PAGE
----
29 March 2011
Towards the end of the book of Bereishit (Genesis) it says:
And when the days of weeping for him were past, Joseph spoke unto the house of Pharaoh, saying: “If now I have found favor in your eyes, speak, I pray you, in the ears of Pharaoh, saying: (Bereishit 50:4)
My father made me swear, saying: Behold, I am dying; in my grave which I have dug for myself in the land of Canaan, there shalt thou bury me. Now therefore let me go up, I pray thee, and bury my father, and I will come back.” (Bereishit 50:5)
In other words, when Jacob died his son Joseph turned to Pharaoh’s household in order that they request permission from Pharaoh to allow him to fulfill his oath of burying his father in Hebron.
However, something is very wrong here which should be jumping out at us! Just seventeen years earlier Joseph was the number two man in all of Egypt, second only to Pharaoh himself. So why on earth is he requesting permission via Pharaoh’s household and not directly from Pharaoh?
The answer is obvious. When Pharaoh needed him, in Joseph’s case during the difficult years of the famine, Pharaoh smiled at him and raised him up to be his assistant, a sort of vice-Pharaoh. However, once he fulfilled his role, he was discarded. In other words, Pharaoh used him for his own reasons.
The lesson here should be clear to us. All those Jews, whether once upon a time in Spain or Germany or today in America, that think they’re close to the president or king and even believe that they have influence with him, should keep in mind that the minute things change and they’re not needed, they will be forgotten in an instant. Thus, don’t build your future or the future of your community based upon such supposed closeness.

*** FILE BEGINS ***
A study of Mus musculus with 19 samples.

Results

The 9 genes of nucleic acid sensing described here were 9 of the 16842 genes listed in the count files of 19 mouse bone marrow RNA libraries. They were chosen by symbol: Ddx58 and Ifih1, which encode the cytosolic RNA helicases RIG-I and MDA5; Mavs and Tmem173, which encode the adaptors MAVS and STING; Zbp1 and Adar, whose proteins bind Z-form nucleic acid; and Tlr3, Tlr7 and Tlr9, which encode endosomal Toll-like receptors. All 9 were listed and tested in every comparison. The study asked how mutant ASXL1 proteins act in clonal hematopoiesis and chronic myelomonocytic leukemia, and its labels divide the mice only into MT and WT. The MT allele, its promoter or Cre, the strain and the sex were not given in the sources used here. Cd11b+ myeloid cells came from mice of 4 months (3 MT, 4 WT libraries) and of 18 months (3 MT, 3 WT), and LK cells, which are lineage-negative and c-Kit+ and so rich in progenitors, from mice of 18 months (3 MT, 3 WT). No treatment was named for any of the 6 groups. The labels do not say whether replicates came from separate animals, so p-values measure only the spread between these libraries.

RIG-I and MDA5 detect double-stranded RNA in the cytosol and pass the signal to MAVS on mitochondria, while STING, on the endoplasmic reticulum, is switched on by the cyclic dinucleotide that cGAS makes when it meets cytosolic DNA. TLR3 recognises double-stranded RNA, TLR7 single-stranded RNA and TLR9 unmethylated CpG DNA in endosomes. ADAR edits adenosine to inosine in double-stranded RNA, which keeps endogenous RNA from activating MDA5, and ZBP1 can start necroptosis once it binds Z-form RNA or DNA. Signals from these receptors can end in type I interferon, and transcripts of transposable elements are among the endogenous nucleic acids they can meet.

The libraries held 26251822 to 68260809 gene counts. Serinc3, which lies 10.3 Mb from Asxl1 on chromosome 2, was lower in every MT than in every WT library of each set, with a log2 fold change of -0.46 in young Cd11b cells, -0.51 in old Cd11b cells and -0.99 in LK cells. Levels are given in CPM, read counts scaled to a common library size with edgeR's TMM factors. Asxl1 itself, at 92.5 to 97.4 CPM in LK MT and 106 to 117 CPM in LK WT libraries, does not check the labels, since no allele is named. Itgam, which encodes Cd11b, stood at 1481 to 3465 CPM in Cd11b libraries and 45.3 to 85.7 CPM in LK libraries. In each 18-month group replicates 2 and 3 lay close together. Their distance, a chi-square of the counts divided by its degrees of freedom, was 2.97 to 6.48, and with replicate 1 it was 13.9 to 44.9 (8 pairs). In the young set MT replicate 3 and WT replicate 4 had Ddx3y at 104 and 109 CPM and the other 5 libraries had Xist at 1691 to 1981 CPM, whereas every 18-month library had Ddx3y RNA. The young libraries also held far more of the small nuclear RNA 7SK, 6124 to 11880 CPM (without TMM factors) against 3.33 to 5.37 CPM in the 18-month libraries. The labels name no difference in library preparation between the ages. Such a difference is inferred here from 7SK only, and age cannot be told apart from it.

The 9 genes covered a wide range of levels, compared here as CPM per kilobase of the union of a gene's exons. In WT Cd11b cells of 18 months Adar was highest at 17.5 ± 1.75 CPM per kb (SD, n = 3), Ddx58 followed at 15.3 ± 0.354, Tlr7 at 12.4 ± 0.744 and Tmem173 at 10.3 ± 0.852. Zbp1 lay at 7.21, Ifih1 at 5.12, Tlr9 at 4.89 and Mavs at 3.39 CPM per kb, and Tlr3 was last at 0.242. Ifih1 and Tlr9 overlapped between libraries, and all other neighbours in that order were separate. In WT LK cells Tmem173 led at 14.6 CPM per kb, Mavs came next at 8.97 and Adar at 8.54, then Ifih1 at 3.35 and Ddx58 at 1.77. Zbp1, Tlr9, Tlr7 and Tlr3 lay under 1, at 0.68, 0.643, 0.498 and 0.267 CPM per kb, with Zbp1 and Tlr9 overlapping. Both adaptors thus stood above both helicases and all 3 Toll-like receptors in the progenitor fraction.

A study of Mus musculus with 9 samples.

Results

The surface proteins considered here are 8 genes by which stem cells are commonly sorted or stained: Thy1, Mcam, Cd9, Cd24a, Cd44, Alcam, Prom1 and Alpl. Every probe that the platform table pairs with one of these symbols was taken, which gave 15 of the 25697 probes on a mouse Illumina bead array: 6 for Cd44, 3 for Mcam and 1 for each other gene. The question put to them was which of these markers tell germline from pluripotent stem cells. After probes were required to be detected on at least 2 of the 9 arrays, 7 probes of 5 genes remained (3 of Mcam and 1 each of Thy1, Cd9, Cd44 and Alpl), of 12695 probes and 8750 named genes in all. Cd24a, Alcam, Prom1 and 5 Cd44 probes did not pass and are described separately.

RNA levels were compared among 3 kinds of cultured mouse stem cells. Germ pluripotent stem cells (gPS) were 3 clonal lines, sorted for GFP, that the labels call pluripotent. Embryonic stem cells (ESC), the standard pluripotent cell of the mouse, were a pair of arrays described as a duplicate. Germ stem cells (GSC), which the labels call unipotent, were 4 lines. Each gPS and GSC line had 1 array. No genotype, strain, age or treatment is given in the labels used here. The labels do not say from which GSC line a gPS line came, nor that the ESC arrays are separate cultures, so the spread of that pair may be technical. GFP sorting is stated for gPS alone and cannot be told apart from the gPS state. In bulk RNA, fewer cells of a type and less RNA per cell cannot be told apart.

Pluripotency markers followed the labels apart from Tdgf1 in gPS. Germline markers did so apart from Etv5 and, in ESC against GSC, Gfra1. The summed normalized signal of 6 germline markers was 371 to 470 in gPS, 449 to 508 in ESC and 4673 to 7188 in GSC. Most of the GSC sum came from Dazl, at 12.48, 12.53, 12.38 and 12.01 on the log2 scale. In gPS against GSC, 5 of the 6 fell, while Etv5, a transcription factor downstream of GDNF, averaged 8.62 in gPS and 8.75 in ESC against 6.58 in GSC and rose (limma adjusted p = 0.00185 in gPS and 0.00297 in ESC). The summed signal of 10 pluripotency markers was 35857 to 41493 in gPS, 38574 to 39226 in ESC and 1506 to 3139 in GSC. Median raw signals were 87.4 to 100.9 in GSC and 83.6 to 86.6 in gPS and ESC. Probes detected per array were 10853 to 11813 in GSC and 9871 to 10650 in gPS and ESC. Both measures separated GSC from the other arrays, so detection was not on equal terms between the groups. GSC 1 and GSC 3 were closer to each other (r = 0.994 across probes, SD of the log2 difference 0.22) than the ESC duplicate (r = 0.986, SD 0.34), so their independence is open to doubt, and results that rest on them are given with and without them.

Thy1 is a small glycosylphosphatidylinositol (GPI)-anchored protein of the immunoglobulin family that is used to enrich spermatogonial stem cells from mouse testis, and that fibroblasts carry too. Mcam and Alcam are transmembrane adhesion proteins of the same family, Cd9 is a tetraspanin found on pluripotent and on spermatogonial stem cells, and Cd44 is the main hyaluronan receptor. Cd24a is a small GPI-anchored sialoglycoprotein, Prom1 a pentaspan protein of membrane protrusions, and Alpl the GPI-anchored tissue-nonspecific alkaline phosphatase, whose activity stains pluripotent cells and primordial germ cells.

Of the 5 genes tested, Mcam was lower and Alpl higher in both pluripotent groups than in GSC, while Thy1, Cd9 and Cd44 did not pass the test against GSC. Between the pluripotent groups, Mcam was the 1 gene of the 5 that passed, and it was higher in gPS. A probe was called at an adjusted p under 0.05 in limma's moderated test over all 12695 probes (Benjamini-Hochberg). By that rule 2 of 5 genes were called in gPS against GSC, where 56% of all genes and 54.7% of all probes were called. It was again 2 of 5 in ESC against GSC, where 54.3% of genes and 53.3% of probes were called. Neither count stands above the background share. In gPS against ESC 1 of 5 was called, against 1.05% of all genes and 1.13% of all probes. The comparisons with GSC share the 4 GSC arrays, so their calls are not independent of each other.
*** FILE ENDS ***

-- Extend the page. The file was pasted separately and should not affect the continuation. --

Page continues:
This idea is perhaps hinted at in the very beginning of the book of Shemot (Exodus) when it says”
Now there arose a new king over Egypt, who knew not Joseph. (Shemot 1:8)
The Hebrew word used here for “know” is strangely yada but heceer would have been more suitable. Yada usually means to have an intimate knowledge of something while heceer is to know someone or something, to be familiar with him. Yada, however, can also mean knowing someone such as “Adam knew (yada) Eve”, which means he had an intimate connection with her, sort of becoming one with her. Yada is a very deep internal connection.
Thus it’s obvious that the new king (or the same king according to some commentators) knew (heceer) about or was familiar with Joseph, since he was surely famous for how he saved Egypt. But the new king didn’t have a deep connection with him (yada), he didn’t relate to him. Josephs the Jew, the Hebrew slave, was brought close to royalty when he was needed to help them. Afterwards, he and his people were tossed away.